After a festive ceremony Tuesday afternoon that included performances from the Hoboken High School band and chorus, Hoboken Mayor David Roberts cut the ribbon officially re-opening of the newly refurbished Sinatra Park Soccer Field.
The field will be reconstructed as a regulation-sized field using the latest-generation artificial turf. The turf resembles grass as opposed to a hard, flat surface, and is currently in use at the Stevens Institute of Technology and will be used on Hoboken High School's athletic field.
The $1.2 million project was funded through a Green Acres grant. Green Acres is a grant and loan program for acquisition and construction of parks and open space that is administered by the New Jersey Department of Environmental Protection (DEP).
"This field is a focal point of our community; a town center of recreation and home of our soccer program," said Roberts. "This is a vital asset to our city which has been renovated thanks to a partnership with the state. This field symbolizes the public re-use of our waterfront."
In addition to performances from the band and the chorus, there was an exhibition game by members of the Hoboken Youth Soccer League, and an appearance by MLS' MetroStars' defender Steve Jolley.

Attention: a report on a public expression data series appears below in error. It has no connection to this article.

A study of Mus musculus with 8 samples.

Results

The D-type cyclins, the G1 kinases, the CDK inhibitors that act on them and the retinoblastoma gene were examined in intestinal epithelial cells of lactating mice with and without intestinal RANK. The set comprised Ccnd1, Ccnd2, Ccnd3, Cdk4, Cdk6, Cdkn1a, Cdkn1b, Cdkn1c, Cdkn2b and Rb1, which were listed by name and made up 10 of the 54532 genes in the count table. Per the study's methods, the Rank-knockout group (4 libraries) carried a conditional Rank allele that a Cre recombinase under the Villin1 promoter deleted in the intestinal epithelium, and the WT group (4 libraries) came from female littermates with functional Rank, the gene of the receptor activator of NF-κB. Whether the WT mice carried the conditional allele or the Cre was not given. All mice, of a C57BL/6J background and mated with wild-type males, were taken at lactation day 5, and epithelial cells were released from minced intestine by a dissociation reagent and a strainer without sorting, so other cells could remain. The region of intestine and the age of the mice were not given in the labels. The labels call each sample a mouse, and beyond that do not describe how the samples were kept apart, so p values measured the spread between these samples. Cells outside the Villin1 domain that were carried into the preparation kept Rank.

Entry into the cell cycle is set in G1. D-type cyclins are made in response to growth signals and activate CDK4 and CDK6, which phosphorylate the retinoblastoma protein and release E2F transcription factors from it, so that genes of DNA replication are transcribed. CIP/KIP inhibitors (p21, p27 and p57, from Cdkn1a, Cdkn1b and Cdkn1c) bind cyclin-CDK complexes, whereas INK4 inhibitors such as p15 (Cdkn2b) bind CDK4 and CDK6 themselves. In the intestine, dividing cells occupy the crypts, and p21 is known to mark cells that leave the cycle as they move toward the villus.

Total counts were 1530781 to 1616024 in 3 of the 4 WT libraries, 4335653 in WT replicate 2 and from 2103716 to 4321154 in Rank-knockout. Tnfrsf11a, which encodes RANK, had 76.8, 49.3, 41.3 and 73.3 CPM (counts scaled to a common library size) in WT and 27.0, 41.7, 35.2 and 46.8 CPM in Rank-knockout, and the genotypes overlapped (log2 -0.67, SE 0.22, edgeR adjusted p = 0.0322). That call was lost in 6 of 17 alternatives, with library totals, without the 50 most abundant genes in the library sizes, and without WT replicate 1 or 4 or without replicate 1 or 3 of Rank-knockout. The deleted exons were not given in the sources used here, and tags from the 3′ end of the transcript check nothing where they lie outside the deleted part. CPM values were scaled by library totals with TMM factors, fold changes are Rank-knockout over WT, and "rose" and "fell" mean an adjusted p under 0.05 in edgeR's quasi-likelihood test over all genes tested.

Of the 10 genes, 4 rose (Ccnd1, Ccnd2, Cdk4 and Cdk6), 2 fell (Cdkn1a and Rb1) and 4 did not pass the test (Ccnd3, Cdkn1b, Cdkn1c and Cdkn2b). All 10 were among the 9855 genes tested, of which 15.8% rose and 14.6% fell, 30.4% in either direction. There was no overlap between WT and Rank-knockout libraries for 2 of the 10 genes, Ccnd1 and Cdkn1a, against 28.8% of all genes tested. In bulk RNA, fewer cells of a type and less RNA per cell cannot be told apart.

Joining Roberts at the ceremony were State Sen. Bernard Kenny, Green Acres representatives John Watson, Phil Collins and Gary Rice, Freeholder Maurice Fitzgibbons, and members of the City Council and Board of Education.
"Our waterfront is a community asset which is recognized throughout the New York metropolitan region," said Kenny. "The fact that our soccer field sits in the middle of this speaks volumes for our community."
New Jersey Department of Personnel Commissioner Ida Castro, who was representing Gov. James E. McGreevey at the ceremony, said that preserving urban parks is a priority of the McGreevey administration. "Helping to build and renovate parks such as this one strengthens our communities and makes them more attractive places for our families," said Castro. "Governor McGreevey recognizes the importance of preserving parks and open space and has made it a cornerstone of his smart growth initiative."
A long-term solution
Many young soccer players and their parents know the Sinatra Park Soccer Field has had a rough history, literally. The field is only a little over a decade old but has had to be resurfaced several times because of poor condition of the grass.
According to city officials, the problem was twofold: with over 500 area children participating in youth soccer leagues, and several adult volleyball and sports leagues, the field was overused.
The second problem was that the field had terrible drainage problems. Because the field was built on a pier and constructed without drainage devices, the water had a tendency to puddle when it rained. These puddles killed approximately half of the grass on the field, making it uneven and full of small holes and trenches. According to city officials, the new turf is durable and designed to effectively drain water into the Hudson River.